Half of all the new regional plans for the future of NHS services in England do not mention or include very little detail about maternity services, according to the Royal College of Midwives.
It has published an analysis of the majority of the sustainability and transformation plans (STPs) that have been drawn up by groups of local healthcare organisations across the country.
“It is disappointing that there is little or no reference to maternity in so many of the plans”
As part of the NHS England’s Five Year Forward View, clinical commissioning groups, trusts and local government were asked last December to put forward five-year plans for services in their geographical “footprint”. The resulting 44 STPs have now all been published.
The RCM highlighted that the plans should include how areas will meet and deliver the aims of the government’s national maternity review – Better Births: Improving outcomes of maternity services in England – that was led by Baroness Julia Cumberlege and published earlier this year.
Maternity services in England were meant to be embarking on a programme to transform their services in order to make them safer, more effective and more responsive to women’s needs, said the college.
The new RCM report, published yesterday, lists all areas that have submitted STPs and where they have included or not, maternity services in the plans.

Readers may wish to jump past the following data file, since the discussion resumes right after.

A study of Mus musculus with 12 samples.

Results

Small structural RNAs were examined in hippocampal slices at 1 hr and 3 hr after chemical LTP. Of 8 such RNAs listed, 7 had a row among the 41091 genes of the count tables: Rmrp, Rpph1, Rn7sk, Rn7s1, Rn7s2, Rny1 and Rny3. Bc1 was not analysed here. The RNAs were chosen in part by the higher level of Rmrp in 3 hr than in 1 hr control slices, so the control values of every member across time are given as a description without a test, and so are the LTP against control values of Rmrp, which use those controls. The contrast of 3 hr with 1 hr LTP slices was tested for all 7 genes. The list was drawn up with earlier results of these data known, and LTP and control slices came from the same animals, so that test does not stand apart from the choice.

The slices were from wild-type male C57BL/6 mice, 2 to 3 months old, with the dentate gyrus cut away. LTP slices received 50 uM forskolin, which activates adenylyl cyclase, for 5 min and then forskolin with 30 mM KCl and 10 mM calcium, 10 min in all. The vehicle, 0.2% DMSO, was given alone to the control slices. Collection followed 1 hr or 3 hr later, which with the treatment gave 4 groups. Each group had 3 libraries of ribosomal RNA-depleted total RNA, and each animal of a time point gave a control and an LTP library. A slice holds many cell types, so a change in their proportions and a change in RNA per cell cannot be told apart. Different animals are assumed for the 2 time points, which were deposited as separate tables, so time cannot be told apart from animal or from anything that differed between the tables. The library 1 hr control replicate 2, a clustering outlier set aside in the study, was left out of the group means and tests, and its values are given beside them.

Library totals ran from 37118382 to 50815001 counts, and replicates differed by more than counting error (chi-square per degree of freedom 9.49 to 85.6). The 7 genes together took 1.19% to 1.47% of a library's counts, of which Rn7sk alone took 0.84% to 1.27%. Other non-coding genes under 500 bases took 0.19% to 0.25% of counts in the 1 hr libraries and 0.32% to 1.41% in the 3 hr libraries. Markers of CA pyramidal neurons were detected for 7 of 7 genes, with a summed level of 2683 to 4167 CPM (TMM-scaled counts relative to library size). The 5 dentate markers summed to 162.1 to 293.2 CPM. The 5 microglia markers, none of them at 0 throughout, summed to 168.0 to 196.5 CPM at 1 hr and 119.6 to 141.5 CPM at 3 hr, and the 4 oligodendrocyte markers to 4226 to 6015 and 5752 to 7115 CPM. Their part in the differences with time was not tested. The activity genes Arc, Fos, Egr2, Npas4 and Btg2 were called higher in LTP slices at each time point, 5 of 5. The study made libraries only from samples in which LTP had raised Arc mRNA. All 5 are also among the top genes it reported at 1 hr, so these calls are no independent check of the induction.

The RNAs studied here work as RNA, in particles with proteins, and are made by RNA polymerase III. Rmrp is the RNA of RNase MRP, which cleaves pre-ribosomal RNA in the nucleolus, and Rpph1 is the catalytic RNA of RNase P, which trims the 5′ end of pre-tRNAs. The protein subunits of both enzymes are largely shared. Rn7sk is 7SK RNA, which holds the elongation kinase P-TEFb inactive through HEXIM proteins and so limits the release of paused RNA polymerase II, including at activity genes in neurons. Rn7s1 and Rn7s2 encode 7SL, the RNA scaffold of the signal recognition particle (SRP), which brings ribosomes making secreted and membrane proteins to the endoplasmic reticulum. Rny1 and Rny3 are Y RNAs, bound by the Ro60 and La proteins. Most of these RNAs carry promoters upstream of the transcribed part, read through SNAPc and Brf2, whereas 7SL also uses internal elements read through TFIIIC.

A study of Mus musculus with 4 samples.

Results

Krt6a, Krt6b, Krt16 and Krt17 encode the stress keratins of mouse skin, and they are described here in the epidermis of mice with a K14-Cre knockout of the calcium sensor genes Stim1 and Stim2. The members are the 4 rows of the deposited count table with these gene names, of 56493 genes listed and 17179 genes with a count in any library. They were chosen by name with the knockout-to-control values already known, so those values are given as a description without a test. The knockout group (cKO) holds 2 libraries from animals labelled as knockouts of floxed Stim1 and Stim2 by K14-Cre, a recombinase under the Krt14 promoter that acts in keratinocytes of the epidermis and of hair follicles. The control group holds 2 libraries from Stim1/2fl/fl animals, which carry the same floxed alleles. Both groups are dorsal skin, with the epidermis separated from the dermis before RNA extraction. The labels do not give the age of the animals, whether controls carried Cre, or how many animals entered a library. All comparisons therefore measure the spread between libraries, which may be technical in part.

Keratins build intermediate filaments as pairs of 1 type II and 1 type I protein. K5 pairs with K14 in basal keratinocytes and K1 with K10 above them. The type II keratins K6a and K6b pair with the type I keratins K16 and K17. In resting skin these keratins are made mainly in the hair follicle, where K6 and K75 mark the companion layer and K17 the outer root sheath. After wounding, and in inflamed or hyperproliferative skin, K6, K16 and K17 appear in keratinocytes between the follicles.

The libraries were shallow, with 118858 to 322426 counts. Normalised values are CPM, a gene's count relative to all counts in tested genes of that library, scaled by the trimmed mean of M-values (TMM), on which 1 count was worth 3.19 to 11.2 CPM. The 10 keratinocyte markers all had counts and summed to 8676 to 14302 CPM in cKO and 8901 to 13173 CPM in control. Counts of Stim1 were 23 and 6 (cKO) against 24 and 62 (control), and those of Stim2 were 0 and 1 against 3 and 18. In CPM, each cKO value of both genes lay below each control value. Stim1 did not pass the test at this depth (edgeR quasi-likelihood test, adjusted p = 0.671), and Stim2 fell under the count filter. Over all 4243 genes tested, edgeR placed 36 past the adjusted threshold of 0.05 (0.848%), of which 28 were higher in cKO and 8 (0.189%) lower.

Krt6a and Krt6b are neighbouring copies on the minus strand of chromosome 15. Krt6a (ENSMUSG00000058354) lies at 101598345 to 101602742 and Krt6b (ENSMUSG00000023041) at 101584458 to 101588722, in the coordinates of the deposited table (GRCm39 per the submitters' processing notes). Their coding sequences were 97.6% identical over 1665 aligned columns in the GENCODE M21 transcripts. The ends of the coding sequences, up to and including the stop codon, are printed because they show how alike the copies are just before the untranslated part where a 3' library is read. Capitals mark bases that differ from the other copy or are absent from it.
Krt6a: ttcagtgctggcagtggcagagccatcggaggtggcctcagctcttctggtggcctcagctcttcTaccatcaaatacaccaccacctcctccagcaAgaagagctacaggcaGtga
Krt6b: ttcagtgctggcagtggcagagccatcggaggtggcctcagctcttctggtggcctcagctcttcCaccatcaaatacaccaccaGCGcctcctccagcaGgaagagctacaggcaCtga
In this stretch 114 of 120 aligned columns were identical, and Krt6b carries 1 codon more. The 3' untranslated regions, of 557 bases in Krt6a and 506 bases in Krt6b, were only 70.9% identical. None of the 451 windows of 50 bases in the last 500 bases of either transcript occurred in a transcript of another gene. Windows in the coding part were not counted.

It has analysed the 35 STPs out of 44 and said it was concerned that, outside of London in particular, there was “little or no reference” to maternity transformation in many of the plans.
Areas including West Yorkshire, around Bristol and Kent, Cambridge and some parts of the home counties make no mention of maternity services in their plans, according to the college.
Those STPs that do “make passing references with little or no detail” to maternity services include Lancashire, Cheshire, Merseyside, Suffolk and Surrey Heartlands, said the RCM report.
However, it noted that some areas do include substantial information on their plans for maternity services.
These include areas in the North East, Humberside, the West Midlands and large parts of the South West.
London, in particular, is “leading the way” on maternity, with all the STPs for the capital including substantial detail about plans for maternity services, said the RCM.
Professor Cathy Warwick
RCM chief executive Professor Cathy Warwick said: “When there is meant to be a programme of maternity services transformation it is disappointing that there is little or no reference to this in so many of the plans which will drive service change.
“This may be simply an issue of timing with the maternity review reporting while the STPs were being worked up, but it does raise a possibility that change in maternity services is just not considered to be a priority,” she said.
“In fact, high quality maternity services are the bedrock of a healthier population,” said Professor Warwick. “It is where important public health gains can be made, leading to healthier mothers and also healthier babies with benefits lasting into adulthood.
“We urgently need to see the detail on how all areas are going to meet the recommendations of the government’s national maternity review,” she added.
In contrast to the RCM’s concerns about a lack of reference to maternity services in STPs, there has equally been concern about attempts to cut back on nursing workforce resources in some of the plans.